Dalit students staging a protest
Bharathipura By U.R. Ananthamurthy, Oxford, Rs 450
The author, U.R. Ananthamurthy, is amongst those important novelists who have made a name for themselves in the category of post-colonial writers of India. He is a teacher of English who writes in his mother tongue, Kannada. He has written such works as Samskara, and has to his credit collections of short stories and poems that have, at times, added polemical elements to Kannada literature. He has also enriched regional literature and made it stand on a par with Indian writing in English.
Bharathipura was first published in 1973 in Kannada. Though the idea of the novel seems dated, the narrative has not ceased to touch a chord among sensitive readers who have decided to turn over the pages. This translation into English by Susheela Punitha — a teacher of English language and literature — gives readers a fair idea about the original work. Punitha manages to retain some of the flavour of the original, though like all translations this work, too, cannot be looked upon as an alternative to the original. But for us who have no knowledge of the language, the translation helps to break the misconception that regional literature is inferior to works written in English.
Together with Samskara, Bharathipura forms the major works of U.R. Ananthamurthy. The novel deals with the sensitive topics of untouchability and caste system in India during the 1970s. Nearly 40 years after Prem Chand’s Godan, Bharathipura, once again, made people sit up and think whether everything was okay about the age-old concept of the caste system in traditional Indian society.
India was slowly inching towards modernity brought about by the economic forces inside and outside the country during the post-independence era. These forces were changing the outlook of the people. The plot contains a beautiful story line. A wealthy landlord returns home, only to be confronted with realities on multiple fronts which he wants to change. Back from England, Jagannatha discovers that people from the lower caste continue to be debarred from entering the temple of Manjunatha. This is because the locals believe that the spirit of the Bhootaraya may drag them by the feet and make them spit blood. Jagannatha wants to take these exploited people into the temple in order to prove that nothing of the sort will ever take place. He wants to break the myth of the gods that has kept the Holeyaru — people from the lower caste — in subservience for thousands of years. The whole novel is about how he manages to create awareness in a people who refuse to break free from the tyranny of old bonds. This was not only because the Brahmins regarded them as lowly born but also because over a period of time they had started believing that they really were untouchables.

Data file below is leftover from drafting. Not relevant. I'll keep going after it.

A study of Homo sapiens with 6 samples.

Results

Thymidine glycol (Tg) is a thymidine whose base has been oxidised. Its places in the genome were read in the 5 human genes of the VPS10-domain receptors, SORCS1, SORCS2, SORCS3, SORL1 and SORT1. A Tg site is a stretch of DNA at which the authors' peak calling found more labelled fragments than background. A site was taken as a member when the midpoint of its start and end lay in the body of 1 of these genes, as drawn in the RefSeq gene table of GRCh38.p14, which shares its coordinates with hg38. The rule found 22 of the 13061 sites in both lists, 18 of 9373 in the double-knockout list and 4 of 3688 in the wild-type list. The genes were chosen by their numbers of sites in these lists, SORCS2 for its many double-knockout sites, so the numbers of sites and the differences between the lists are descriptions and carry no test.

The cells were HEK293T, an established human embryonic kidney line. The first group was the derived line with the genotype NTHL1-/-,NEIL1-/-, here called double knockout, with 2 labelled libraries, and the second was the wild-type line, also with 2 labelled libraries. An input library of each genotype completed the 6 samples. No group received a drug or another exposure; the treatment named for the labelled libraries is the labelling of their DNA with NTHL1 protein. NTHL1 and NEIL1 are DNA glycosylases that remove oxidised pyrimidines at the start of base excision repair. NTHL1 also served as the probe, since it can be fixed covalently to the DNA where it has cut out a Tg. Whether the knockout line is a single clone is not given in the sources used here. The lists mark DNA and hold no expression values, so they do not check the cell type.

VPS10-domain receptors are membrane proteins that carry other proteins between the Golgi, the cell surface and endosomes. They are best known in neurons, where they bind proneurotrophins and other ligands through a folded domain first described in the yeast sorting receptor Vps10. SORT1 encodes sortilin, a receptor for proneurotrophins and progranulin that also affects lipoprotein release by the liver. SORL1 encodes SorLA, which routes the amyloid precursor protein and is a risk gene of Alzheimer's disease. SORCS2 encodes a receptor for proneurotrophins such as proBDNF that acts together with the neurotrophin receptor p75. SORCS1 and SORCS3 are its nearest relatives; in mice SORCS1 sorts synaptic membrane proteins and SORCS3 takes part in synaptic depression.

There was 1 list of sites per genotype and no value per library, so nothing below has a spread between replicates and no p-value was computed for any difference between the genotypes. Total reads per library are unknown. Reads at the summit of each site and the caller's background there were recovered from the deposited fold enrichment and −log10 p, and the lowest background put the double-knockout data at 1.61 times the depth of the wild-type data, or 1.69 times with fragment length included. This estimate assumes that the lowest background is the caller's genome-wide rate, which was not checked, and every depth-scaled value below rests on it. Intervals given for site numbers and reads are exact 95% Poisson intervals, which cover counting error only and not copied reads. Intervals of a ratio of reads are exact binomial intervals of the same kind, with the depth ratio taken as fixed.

Ananthamurthy weaves a complex web of myth and reality into the narrative. He uses images and symbols to deconstruct the past, merge it with the present, and then chart a course for the future so as to liberate the Indian way of life from a make-belief world and help it confront the changing realities of the post-Nehruvian era. The novel not only demystifies an old belief, but it also chronicles encounters with new realities on different fronts.
When Margaret writes a letter from England and confesses to Jagannatha — who wages a battle in India to take the Holeyaru to the forbidden temple — that she has developed an interest in another man in his absence, he is shaken. But soon, he settles down and accepts his loss as a part of the harsh reality he has to face in life. But when someone writes a nasty, anonymous letter which alleges that his birth lacks legal legitimacy, he finds it difficult to accept that his mother had gone to bed with a stranger. His dilemma — like Hamlet’s in the Shakespearean play — is worth examining. His capacity to rise to the occasion and not lose focus is also remarkable.
Some of the images in the novel remain etched in our memories. For example, when the Holeyarus touch the saligrama — the holy object in the temple — or when Jagannatha asks them to touch him, the novel seems to have succeeded in defying the constraints of time and space. Touch plays an important part in the novel as it does in many other stories by Ananthamurthy. This is because the notion of touch is intrinsically linked to the caste system.
But such moments are few and far between. There are certain things that Ananthamurthy seems to have blissfully forgotten, probably because of the medium he has chosen to do his writing in. For instance, had he been writing in English, he would have taken into consideration the possibility that the discerning reader may not be pleased with the narrative technique that he has employed in the novel. The characters fail to keep pace with the changes in the events as the novel continues to stick to the world of action.
One more thing. Jagannatha tries to take the people from the lower caste to the temple, but the irony is that he knows very little about them. Since 1973, much has taken place as far as Dalit emancipation is concerned. Therefore, reading a novel like Bharathipura today may compel readers to think that the setting has fallen behind the times.
Ananthamurthy’s contemporaries failed to understand him because of his ideas. The Brahmins thought him to be anti-Brahmin and the progressives thought he was a reactionary. But he was neither, for like any other writer he was only experimenting with ideas. As he once told one of his interviewers, a writer “is a guinea pig, who experiments on himself”. Had Bharathipura been re-invented to adapt to the changes prevalent in modern India, the novel would have had a greater punch than it does.